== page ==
With President Trump preparing to sign the plan imposing tariffs on metal imports Thursday, Republican lawmakers appealed to Trump to drop the tariffs, fearing retaliatory action which stunts US economic growth. The White House announced that some countries, including Canada and Mexico, may be exempt from the tariffs for 30 days, on national security grounds.
The United States Holocaust Memorial Museum revoked the human rights award awarded to Myanmar civil leader, Aung San Suu Kyi, in 2012, citing the Rohingya Muslims massacre continuing under her watch. The museum wrote to the leader, saying they hoped she ‘would have done something to condemn and stop the military’s brutal campaign.’
Senior White House advisor and President Trump’s son-in-law, Jared Kushner, met with Mexican President Enrique Peña Nieto, Wednesday, amid tensions between the US and Mexico over the border wall and steel and aluminum tariffs. A potential meeting between the presidents depends on ‘the level of progress achieved’ on various issues, according to the Mexican government.
The US Fish and Wildlife Service released a memo last week, reporting the Trump administration’s decision to lift the ban on importing sport-hunted big game trophies such as Elephant tusks from certain African countries. The agency will now consider importation permits ‘on a case-by-case basis.’ The decision contradicts public statements made by President Trump in support of the ban.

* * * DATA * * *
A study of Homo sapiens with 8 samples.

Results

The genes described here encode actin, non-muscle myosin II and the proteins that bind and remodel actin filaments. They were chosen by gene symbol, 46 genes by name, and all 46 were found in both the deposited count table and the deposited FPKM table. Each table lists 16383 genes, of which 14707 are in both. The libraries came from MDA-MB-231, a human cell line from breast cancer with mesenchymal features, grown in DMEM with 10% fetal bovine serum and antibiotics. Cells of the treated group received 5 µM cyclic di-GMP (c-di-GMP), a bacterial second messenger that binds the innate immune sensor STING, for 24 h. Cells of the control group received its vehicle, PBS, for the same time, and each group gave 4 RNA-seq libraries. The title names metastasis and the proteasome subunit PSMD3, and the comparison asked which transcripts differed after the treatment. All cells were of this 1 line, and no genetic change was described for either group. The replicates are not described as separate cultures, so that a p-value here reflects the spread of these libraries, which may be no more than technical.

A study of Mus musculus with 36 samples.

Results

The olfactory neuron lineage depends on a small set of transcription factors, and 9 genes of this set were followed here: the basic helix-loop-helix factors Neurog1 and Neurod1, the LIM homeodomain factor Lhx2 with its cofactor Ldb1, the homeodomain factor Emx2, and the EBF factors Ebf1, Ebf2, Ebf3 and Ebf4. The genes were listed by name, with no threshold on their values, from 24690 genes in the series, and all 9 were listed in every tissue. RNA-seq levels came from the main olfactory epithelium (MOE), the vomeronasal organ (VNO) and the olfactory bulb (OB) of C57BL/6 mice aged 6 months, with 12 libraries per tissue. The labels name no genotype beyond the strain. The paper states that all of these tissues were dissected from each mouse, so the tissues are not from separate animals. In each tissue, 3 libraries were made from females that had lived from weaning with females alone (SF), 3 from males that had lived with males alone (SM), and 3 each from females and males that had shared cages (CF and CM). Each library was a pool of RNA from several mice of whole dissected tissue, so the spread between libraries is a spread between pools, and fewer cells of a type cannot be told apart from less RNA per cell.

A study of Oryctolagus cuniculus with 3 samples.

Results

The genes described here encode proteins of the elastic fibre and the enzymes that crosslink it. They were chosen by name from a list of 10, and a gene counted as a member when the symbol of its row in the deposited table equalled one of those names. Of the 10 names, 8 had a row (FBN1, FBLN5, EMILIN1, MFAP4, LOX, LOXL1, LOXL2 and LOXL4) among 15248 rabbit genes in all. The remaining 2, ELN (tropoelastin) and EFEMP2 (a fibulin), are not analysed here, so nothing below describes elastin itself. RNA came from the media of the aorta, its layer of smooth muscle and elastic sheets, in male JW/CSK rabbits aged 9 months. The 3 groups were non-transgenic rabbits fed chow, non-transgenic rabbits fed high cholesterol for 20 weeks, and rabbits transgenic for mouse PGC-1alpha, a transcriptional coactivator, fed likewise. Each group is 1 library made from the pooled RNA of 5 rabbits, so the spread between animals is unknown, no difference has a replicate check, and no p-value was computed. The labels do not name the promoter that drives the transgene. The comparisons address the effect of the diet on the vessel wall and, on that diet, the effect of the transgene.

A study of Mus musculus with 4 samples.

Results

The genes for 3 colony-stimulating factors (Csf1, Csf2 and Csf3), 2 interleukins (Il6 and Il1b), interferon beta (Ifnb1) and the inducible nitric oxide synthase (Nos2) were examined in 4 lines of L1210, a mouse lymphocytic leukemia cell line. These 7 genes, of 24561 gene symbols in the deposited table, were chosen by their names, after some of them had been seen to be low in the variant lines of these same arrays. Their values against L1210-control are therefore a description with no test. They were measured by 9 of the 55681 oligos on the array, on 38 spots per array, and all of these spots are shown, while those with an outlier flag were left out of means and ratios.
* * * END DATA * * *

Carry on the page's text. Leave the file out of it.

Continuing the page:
Looking to diversify and expand, Coca-Cola will launch its first alcoholic drink in 125 years in Japan. The president of Coca-Cola’s Japan business, Jorge Garduno, said the decision to try the product in the Japanese market ‘makes sense,’ but added people around the world should not expect ‘this kind of thing from Coca-Cola.’
A grand jury charged Nikolas Cruz, Florida high school shooter, with a total of 34 counts of premeditated and attempted murder on Wednesday. Cruz could face the death penalty. Florida lawmakers passed a gun control and school safety bill defying NRA, to create new firearms regulations and arm school employees. The bill now goes to the state governor.